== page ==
Other Architectural Endeavours

Besides the canal itself, a number of other important buildings needed to be designed and strategically placed in order to ensure that the project could be carried out efficiently and with minimal disruption. The Commissariat and Ordnance buildings were built directly beside the proposed Bytown Locks site and served as the project headquarters, as well as convenient storehouses for food, hardware, and other provisions needed specifically for the Bytown Locks. The Commissariat is also where all the building contracts and paycheques were prepared, making it the business centre of the project. Soldier barracks and a hospital were constructed on what is now known as Parliament Hill, providing lodging accommodations for the military and medical care for the sick and injured. As leader of the canal project, Lt. Col. By had his own house built on the east side of the canal, which is known today as Major’s Hill Park.

Points of Interest



The contracts for construction of the Commissariat building were let in February 1827, and eventually granted to Thomas McKay. Its construction took a mere six months to complete, earning McKay praise for his efficiency as well as his fine craftsmanship. The stones used in its construction were taken directly from Entrance Valley excavation, as was the timber used to reinforce its walls and roof. The Commissariat building fulfilled multiple roles throughout the years. The ground floor acted as a storage space for bulk food provisions (from salt pork to rum) and supplied construction hardware and fuel needed through different stages of work. Today it houses Ottawa’s Bytown Museum and is recognized as the city’s oldest stone building.



By June 10, 1827, Lt. Col. By had moved from his initial residence in Hull and relocated to his new house on Colonel’s Hill, now known as Major’s Hill Park. There is little detailed evidence of the estate, and the historical drawings that do exist often differ on the scale and size of the house, but it appears to have been a one-and-a-half storey rubble stone building with two large chimneys and a large three-sided verandah. The prominence of the location was remarked by Joseph Bouchetter (Surveyor General of Lower Canada), who visited Lt. Col. By in 1828. His personal description of the view from Lt. Col. By’s verandah speaks to the beauty of Entrance Valley and the allure of the Ottawa River.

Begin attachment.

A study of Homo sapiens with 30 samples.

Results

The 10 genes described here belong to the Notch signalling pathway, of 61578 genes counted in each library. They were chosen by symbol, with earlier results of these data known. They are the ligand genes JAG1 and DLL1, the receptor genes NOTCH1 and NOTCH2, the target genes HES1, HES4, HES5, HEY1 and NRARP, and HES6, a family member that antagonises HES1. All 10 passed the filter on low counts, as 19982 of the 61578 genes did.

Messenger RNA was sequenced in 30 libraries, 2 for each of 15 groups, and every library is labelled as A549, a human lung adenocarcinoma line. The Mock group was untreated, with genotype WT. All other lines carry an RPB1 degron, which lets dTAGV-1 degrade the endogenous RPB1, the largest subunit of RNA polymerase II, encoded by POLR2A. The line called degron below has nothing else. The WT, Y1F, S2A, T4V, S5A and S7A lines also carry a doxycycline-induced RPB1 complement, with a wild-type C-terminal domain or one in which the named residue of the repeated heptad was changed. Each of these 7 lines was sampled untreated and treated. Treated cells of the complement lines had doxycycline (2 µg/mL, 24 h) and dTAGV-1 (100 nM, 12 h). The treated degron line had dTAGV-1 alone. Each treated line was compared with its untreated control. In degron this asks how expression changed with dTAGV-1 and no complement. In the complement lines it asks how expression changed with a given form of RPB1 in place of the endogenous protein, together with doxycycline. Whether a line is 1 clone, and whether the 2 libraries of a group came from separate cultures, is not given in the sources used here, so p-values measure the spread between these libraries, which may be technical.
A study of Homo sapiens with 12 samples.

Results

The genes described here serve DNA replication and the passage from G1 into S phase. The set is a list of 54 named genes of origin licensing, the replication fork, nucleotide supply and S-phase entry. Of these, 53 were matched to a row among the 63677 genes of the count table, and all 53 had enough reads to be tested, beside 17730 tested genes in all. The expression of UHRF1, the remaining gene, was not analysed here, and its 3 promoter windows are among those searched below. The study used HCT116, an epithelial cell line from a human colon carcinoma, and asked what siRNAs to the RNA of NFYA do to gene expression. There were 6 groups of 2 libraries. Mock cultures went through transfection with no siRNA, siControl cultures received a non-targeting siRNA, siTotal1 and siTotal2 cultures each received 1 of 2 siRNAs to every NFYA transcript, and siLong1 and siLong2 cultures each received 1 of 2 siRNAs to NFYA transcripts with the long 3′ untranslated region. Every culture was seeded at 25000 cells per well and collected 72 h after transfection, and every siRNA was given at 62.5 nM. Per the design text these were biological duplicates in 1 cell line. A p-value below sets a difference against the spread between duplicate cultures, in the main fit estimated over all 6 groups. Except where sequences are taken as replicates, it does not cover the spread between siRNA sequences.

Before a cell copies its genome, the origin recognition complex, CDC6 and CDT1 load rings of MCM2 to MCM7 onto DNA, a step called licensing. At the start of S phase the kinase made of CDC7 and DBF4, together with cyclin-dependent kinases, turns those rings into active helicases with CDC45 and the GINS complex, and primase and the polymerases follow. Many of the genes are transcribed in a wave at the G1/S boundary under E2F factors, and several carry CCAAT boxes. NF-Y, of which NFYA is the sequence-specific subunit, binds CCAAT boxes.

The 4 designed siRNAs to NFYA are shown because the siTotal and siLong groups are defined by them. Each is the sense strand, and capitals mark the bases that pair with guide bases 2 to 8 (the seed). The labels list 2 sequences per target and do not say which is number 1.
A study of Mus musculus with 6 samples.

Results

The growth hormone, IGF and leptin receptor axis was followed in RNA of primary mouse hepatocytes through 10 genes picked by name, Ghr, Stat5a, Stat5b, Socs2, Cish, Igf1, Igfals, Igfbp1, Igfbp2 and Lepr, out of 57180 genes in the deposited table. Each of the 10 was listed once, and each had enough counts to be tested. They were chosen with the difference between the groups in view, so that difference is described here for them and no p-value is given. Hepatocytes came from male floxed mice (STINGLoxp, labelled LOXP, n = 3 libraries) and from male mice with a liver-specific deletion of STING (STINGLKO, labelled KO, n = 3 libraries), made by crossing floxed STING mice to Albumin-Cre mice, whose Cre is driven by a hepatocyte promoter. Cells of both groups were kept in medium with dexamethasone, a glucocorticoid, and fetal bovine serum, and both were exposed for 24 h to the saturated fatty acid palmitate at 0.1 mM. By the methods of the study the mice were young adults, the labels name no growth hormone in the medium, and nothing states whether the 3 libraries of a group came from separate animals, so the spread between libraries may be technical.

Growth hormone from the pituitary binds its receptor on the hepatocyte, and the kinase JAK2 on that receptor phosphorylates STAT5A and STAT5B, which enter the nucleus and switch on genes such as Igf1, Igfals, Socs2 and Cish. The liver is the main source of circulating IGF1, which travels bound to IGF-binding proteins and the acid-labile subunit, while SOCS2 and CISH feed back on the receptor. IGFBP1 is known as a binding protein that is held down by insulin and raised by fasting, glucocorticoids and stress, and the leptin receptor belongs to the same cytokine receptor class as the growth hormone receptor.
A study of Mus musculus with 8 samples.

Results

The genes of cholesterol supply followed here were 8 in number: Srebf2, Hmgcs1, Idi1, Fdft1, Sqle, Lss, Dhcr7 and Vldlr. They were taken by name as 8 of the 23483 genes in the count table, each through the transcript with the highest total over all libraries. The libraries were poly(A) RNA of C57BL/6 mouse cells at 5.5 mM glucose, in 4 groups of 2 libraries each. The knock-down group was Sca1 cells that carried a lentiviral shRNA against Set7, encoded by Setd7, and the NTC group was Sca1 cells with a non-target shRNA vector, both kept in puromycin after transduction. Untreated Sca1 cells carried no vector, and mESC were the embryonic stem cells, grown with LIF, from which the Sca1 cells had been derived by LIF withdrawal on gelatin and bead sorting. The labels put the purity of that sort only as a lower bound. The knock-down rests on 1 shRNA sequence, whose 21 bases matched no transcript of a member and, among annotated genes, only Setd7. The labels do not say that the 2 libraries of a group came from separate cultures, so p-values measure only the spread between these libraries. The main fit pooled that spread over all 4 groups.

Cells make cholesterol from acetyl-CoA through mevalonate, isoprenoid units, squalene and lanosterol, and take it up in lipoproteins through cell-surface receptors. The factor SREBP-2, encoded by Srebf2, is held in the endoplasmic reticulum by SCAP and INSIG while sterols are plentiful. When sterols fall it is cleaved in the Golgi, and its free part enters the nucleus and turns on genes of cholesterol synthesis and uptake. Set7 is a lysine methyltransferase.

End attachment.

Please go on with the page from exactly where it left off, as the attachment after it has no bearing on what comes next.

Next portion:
Barrack Hill, now the site of the Parliament of Canada, was heavily used by military personnel during the canal’s construction period and beyond. After reviewing several draft proposals, By decided on three housing barracks, each measuring 108 feet (33 metres) by 70 feet (21 metres) in size. The buildings were constructed almost identically using rubble stone and wood, and were divided into sixteen rooms plus a garret or attic. By the summer of 1827, two companies of Royal Sappers and Miners-162 men in all-had arrived on site and promptly took up residence in the barracks, which were still unpainted and sparsely furnish due to their uncertain future use. On January 5, 1832, one of the central barracks being used as a mess room and officers quarters was lost to a fire. It was never rebuilt.



The Ordnance Office (also known as the Royal Engineers building ) acted as the Rideau Canal headquarters from 1828 until By’s recall in 1832, and was constructed under the direction of Robert Drummond. Built almost directly across from the Commissariat building, level with the second lock, the building was primarily used as a material storehouse and engineering office for construction-related issues. The first floor was originally designed in 1828 as a workshop for carpenters and stonecutters as they worked on the lock gates. The upper parts of the building served as Lt. Col. By’s headquarters until 1832. The Ordnance Office was demolished in 1911, but you can still see the building’s ruins on the east bank of the Entrance Valley site.



As the eight locks have an elevation of 79 feet (24 metres), a bridge was built in order to better connect the east (Lower Town) and west (Upper Town) of Bytown. Sappers Bridge, as it was then called, was a solid, military built structure positioned just south of the eighth lock. When it came time to demolish the bridge in 1912 to make way for a larger thoroughfare, the labourers got more than they bargained for. “So hard was the stone and so clinging and steel-like the grip of the ancient cement,” reported the Ottawa Free Press on July 23, 1912, “that even dynamite failed to wreck it.”